Under the landmark biotech labeling law passed in 2016, the Department of Agriculture is supposed to have a final rule published by July 29. It doesn’t look like that’s going to happen.

Agriculture Secretary Sonny Perdue said as much Tuesday when speaking to the National Association of Farm Broadcasting. He said USDA has been working on the issue, but “we’re not as close as I’d like” to publishing a final rule.

“I had insisted last year when I got here that we would meet that deadline,” said Perdue, who was marking his one-year anniversary as Secretary of Agriculture. “I’m still hoping for this summer but it does not look like we will meet the deadline that we had insisted upon."

Perdue said the delays are due in large part to reviews undertaken by the White House Office of Management and Budget. USDA is “somewhat dependent on OMB” during the interagency review process, Perdue said, adding that the department requested the process be expedited, but struggled to receive timely input from OMB.

“We turned in our papers on time; the teachers didn’t grade them on time,” Perdue said of OMB.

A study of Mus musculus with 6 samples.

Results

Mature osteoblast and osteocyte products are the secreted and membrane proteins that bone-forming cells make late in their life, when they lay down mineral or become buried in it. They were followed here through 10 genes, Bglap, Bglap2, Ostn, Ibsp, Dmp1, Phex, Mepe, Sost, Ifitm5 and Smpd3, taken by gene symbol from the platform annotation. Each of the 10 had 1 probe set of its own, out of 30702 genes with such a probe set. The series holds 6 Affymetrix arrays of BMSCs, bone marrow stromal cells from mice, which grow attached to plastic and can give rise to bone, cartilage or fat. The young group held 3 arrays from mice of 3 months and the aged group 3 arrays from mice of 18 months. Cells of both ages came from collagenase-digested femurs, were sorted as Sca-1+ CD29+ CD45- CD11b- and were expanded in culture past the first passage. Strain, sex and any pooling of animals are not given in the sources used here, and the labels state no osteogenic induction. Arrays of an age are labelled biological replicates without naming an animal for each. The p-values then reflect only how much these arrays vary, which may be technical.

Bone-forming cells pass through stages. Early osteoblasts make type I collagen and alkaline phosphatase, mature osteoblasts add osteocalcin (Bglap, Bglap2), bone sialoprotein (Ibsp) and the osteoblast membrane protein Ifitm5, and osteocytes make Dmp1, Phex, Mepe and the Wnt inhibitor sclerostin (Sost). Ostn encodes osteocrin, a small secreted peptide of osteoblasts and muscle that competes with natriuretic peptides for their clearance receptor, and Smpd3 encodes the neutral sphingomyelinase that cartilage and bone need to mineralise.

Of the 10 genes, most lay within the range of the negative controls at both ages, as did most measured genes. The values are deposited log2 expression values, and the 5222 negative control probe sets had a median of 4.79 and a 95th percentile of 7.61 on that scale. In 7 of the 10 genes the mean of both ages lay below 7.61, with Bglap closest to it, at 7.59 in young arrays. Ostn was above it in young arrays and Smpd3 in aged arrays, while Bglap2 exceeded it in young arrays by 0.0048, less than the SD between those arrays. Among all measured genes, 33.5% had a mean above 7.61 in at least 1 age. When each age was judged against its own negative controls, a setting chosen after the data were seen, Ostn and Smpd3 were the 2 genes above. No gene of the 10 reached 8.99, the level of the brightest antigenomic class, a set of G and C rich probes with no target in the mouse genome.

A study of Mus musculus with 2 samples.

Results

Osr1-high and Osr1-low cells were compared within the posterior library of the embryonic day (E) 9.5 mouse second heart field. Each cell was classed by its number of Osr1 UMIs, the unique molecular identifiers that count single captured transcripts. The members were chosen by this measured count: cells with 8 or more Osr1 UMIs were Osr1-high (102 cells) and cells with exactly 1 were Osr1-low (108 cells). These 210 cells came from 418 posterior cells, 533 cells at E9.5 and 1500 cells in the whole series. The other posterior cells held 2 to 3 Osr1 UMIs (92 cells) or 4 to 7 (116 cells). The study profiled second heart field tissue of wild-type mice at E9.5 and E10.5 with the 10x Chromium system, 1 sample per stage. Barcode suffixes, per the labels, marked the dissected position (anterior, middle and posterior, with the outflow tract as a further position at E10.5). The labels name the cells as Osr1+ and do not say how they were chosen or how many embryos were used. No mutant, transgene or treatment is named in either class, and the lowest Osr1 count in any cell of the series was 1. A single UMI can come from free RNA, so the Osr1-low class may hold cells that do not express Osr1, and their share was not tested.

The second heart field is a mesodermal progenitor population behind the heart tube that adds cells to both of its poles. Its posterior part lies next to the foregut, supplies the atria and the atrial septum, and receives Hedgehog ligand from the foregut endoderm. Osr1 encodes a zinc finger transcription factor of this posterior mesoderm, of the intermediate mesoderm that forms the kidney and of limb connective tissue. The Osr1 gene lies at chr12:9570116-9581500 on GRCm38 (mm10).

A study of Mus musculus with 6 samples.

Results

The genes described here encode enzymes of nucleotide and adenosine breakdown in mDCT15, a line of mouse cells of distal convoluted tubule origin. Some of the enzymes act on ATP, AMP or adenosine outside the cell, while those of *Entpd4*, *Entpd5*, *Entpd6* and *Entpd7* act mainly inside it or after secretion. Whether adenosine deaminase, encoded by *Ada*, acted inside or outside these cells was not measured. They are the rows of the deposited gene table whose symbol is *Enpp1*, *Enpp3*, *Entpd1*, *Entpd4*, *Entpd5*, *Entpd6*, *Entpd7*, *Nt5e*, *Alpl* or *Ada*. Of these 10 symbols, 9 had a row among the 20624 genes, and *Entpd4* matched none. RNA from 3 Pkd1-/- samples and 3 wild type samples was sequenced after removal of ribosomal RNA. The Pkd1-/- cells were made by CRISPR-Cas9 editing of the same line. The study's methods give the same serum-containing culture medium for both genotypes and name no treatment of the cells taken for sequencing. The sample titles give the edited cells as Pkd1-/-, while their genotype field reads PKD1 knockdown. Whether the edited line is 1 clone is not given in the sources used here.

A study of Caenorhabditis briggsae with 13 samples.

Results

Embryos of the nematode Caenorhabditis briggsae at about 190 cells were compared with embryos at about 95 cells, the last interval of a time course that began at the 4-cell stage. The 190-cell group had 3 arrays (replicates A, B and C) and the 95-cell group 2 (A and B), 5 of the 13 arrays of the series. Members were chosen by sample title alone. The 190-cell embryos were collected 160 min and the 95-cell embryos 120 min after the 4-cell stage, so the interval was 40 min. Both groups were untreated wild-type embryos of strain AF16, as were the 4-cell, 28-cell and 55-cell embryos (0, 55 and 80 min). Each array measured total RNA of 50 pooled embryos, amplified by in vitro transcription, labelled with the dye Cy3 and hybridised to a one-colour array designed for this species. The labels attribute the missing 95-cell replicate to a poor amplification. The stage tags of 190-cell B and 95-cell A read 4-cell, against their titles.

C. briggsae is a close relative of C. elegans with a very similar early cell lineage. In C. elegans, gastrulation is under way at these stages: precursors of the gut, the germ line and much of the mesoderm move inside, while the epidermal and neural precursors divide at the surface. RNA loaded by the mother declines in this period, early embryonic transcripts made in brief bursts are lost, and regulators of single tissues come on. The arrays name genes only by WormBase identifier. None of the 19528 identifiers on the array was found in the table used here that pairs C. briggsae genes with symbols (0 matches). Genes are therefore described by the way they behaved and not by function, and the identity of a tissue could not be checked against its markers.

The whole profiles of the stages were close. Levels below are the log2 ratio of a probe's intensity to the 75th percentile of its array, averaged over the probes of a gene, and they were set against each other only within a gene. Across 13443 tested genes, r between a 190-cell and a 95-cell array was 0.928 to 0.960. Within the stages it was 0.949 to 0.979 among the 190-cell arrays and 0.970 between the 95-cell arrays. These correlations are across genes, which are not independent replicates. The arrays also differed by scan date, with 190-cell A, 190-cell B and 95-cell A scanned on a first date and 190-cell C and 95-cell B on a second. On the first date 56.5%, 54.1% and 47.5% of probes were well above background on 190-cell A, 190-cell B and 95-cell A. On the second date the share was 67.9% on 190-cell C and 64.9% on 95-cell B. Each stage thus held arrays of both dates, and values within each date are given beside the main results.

Under the law, USDA had two years from enactment to “establish a national mandatory bioengineered food disclosure standard with respect to any bioengineered food and any food that may be bioengineered” as well as “establish such requirements and procedures as the Secretary determines necessary to carry out the standard.” President Barack Obama signed the bill into law on July 29, 2016, giving USDA about three more months to finish its work in order to meet the statutory deadline.

Randy Russell, the chief lobbyist for the ag and food industry throughout the process that led to final passage, said he expects to see a proposed rule from USDA “in the next couple of weeks.” He also acknowledged some of the challenges with the interagency review process Perdue discussed, but said taking a little extra time isn’t necessarily a bad thing.

“This is a major rule, and it’s a significant rule,” Russell said. “We want them to get the rule done. Having said that, we care a lot more about getting it done right, and if it takes a little bit longer, we’re okay with that.”

Russell emphasized the importance of understanding "this is a marketing tool for the food industry. It’s not about food safety."

The timeline is also of little concern to John Bode, the president and CEO of the Corn Refiners Association. He said statutory deadlines for rulemaking “are almost never met,” and he doesn’t have any concern about USDA’s diligence in trying to produce a final rule.

Russell predicts the proposal will receive more comments than any other proposed rule issued by USDA, eclipsing the organic rule. Asked what he thought might be a new timeline by which a final rule could be in place, Russell said a “realistic target” would be “by the end of the year.”